Exercise Tips for Being Successful With a Home Workout

Home Workout

Over the past year, those who regularly work out have been forced to adapt their normal training routine. Gyms closed for a bit leaving most to work out at home. How many people have sufficient workout equipment at home? How many people know how to properly program a workout routine? And how many people have the motivation to workout consistently on their own, without much equipment, and in a place of comfort? The answer to all: not many. I wrote this (very short and very simple) article to provide some insight on how to make your own workout plan using limited equipment. Let’s dig in.

If you have equipment:

Having equipment makes building a program a LOT simpler. It gives you more variety, an easier way to progress the exercises, and are a little more fun to use. The first thing you want to consider is your goals: strength, endurance, or hypertrophy. Determining these first helps to determine your main exercises and the volume of your program, including the amount of weight, sets, reps, intensity, and rest time. I won’t bore you by getting into the details, but here is the gist of programming for certain goals: for hypertrophy perform 8-12 reps, for strength perform 3-8 reps, for muscular endurance perform 15 or more reps (NOTE: you could accomplish any of those goals with any of those rep schemes but looking at specific numbers simplifies and narrows the focus).

You might be asking yourself, “does that information really tell me much?” Honestly, probably not. What I expect most from people who are working out at home is to find a good volume (reps x sets x weight) that is easy enough to complete but also hard enough to feel like you accomplished something. Working out at home is not the most fun task one can undertake, so do your best to create fun workouts. Something is better than nothing! Use that equipment, move around, break a sweat, and have fun.

If you do not have equipment:

Here is where there is a real challenge. Bodyweight exercises don’t seem like they can help much, and progressing those exercises is very basic. But I would like to point out something I mentioned in the previous topic: SOMETHING IS BETTER THAN NOTHING! Everyone knows the basic bodyweight exercises to perform and finding more is just one click away. When determining how many reps you should perform, test out the movement by performing as many reps as possible. With that max number now known, start the exercise with 60-70% of that number.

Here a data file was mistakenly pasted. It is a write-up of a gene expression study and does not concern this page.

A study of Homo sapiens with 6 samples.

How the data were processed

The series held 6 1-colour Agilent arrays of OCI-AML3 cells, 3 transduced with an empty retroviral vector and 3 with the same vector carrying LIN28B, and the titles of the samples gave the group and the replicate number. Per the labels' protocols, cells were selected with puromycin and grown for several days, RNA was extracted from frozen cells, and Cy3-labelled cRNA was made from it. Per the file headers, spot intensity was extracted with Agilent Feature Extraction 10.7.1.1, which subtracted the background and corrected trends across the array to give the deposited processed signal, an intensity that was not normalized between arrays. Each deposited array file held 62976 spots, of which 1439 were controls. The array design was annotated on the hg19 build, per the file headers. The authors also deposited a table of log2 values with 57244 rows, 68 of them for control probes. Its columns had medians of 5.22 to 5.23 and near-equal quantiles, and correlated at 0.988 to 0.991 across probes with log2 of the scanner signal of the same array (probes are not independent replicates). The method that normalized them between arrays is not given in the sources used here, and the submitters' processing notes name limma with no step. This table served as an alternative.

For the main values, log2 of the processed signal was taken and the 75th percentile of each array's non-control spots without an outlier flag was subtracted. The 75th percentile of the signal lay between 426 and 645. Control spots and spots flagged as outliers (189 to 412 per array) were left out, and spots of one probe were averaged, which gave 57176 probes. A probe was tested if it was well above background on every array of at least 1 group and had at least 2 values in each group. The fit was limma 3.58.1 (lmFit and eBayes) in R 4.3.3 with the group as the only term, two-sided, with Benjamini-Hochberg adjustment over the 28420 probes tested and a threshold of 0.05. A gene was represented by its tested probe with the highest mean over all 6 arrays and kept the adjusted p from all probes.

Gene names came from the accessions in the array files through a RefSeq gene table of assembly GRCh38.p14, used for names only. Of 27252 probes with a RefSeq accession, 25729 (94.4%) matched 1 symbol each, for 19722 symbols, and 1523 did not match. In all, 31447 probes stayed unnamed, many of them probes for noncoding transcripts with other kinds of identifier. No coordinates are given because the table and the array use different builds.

Then do that exercise, with the newly determined sub-max number of reps, for a 3-5 sets. BOOM! You were just given the beginners guide to programming! I must point out that EVERYONE has some workout available at home, it just may not be readily apparent. You know that bag you have in your pantry or kitchen that’s filled with more bags? And have you seen all those canned goods piled up in your cabinets? Well, there’s your workout equipment! Double bag some cans and utilize those as your weights! Or water jugs! Or furniture, books, or even your pets! If really feel the need to use more resistance than what your body provides or just feel more accomplished with weight in your hands then get a little creative with what you have at home!

Key points:

  • Do SOMETHING. Even if it is just a handful of things. Find exercises you enjoy, perfect them, and get better with them!
  • Play around with reps and sets. If something feels too easy, increase the reps, add sets, or decrease rest time.
  • If your workout for the day is easy, play with reps/sets/rest or add another exercise.
  • Change the manner in which you complete an exercise, i.e., perform the movement really slow, really fast, pause at different points of the movement, etc.
  • BE CREATIVE! This is the time to explore fitness and to challenge yourself!

Of course, if you still do not want to create your own program or need the motivation a trainer can provide, seek out the professionals! If you have found this article, then you most likely were looking for a trainer anyway. But it is my duty as a health professional to provide you with the knowledge you need to be successful on your own.